I’ve had a few days to catch my breath (and catch up on email) after the Forrester Marketing Forum in Los Angeles and I’m finally in a position to reflect upon what was an exciting and informative few days on the west coast. A few key takeaways:
- B2B marketers are dedicated to social and have a lot to learn from each other. I had the pleasure of hosting a one day workshop on B2B social marketing with colleagues Peter Burris and Peter O’Neill. Technology marketers have dominated past workshops like these, but I was thrilled to see clients from a diverse array of B2B industries in the room, including financial services, pharmaceuticals, travel, manufacturing, and marketing services. It was a great, active group and what impressed me most was how attendees related to the pain points and best practices of other attendees in the room. Dealing with government regulation was a hot topic and it wasn’t just financial services and pharma marketers who had something to share. Although some regulatory bodies create more difficulties or ambiguities than others (I’m looking at you, FDA), B2B marketers can learn a lot from each other when it comes to creating a social strategy and building an organization capable of navigating regulation.
- Organizational maturity is a hot topic for B2B interactive marketers. Interactive marketing is simply a newer competency for many B2B marketers and the organizational implications are profound. B2C organizations have had their own share of challenges in bridging the digital divide, but B2B marketers face the unique challenge of understanding the impact of digital on their sales forces, agents, and other distributors. Nowhere is this clearer than in the area of social marketing, where social tools allow B2B interactive marketers to connect directly with customers in a high-touch way, a role traditionally served solely by sales. Defining the role of interactive marketing in the broader marketing and sales funnel is still a task for many B2B marketers.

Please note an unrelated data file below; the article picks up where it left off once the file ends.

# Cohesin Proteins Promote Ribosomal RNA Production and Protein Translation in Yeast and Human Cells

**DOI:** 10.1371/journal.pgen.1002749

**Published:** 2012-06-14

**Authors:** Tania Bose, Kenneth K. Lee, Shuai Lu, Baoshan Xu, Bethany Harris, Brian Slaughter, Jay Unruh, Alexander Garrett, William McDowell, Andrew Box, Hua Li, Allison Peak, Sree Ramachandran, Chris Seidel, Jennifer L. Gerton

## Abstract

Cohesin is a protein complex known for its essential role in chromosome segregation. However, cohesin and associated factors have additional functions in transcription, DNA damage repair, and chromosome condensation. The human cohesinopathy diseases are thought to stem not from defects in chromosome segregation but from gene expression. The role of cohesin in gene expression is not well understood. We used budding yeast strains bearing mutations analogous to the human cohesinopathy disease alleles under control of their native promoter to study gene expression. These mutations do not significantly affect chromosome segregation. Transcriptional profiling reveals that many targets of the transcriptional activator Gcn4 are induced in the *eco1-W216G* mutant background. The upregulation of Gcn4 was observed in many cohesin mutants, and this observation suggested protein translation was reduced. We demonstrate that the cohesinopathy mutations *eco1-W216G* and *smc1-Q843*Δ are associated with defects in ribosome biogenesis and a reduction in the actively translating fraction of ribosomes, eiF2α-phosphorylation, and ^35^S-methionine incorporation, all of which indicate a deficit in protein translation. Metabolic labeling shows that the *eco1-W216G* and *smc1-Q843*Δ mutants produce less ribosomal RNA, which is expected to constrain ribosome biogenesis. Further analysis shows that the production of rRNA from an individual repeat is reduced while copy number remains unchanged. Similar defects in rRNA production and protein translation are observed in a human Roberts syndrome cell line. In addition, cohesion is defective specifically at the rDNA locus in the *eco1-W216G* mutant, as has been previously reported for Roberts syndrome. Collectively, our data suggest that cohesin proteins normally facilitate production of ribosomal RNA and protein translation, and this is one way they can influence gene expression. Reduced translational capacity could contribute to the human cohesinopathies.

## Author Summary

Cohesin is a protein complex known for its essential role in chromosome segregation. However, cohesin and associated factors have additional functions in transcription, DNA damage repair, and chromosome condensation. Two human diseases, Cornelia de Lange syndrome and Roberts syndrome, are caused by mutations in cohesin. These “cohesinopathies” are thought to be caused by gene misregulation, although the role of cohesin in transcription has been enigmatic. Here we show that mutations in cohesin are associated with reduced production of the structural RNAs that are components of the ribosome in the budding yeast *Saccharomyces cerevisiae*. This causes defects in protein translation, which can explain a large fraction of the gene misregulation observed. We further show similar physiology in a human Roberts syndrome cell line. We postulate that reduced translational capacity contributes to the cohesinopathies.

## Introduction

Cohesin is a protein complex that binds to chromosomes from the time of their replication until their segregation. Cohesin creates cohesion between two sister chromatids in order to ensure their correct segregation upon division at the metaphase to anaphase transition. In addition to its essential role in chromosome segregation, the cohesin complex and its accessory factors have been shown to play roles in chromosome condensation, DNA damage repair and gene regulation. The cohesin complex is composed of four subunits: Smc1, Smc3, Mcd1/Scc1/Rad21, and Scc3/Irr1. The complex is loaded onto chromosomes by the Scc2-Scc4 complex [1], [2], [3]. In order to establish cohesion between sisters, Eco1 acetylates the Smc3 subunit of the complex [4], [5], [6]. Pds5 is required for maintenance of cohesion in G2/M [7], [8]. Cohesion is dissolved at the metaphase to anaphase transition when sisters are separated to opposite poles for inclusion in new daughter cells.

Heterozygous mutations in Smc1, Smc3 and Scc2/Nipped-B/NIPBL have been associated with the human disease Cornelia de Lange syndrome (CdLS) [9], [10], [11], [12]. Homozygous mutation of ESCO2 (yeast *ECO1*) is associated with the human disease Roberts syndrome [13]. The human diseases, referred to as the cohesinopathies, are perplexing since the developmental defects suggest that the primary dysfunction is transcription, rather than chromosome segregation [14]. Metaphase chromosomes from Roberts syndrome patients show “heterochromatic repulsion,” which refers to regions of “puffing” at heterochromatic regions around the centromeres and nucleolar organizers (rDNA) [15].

- Interactive marketers are thinking cross-channel. I moderated a panel on the last day of the conference on the future of online media buying. The discussion centered around the new tools and technologies – most notably demand-side platforms (DSPs) – that are changing the way marketers and agencies approach and purchase online display ads. This was a pretty new topic to most in the audience but we got really insightful questions during the Q&A. Two stick out in my mind: one questioner asked how social media data can drive media buying decisions on non-social channels. Another wondered how these new tools will translate to offline channels and how data from offline channels impacts online ad optimization and measurement. What these questions tell me is that interactive marketers are breaking beyond their traditional silos and looking to build more tightly integrated marketing campaigns across not only offline and online channels, but also across owned, earned, and paid media. This is an incredibly positive development and one we’ll see a lot more of in coming months.
If you were at the Forrester Marketing Forum, I’d love to hear your input on what you saw and heard in LA. Even if you weren’t, let me know if these trends resonate with you.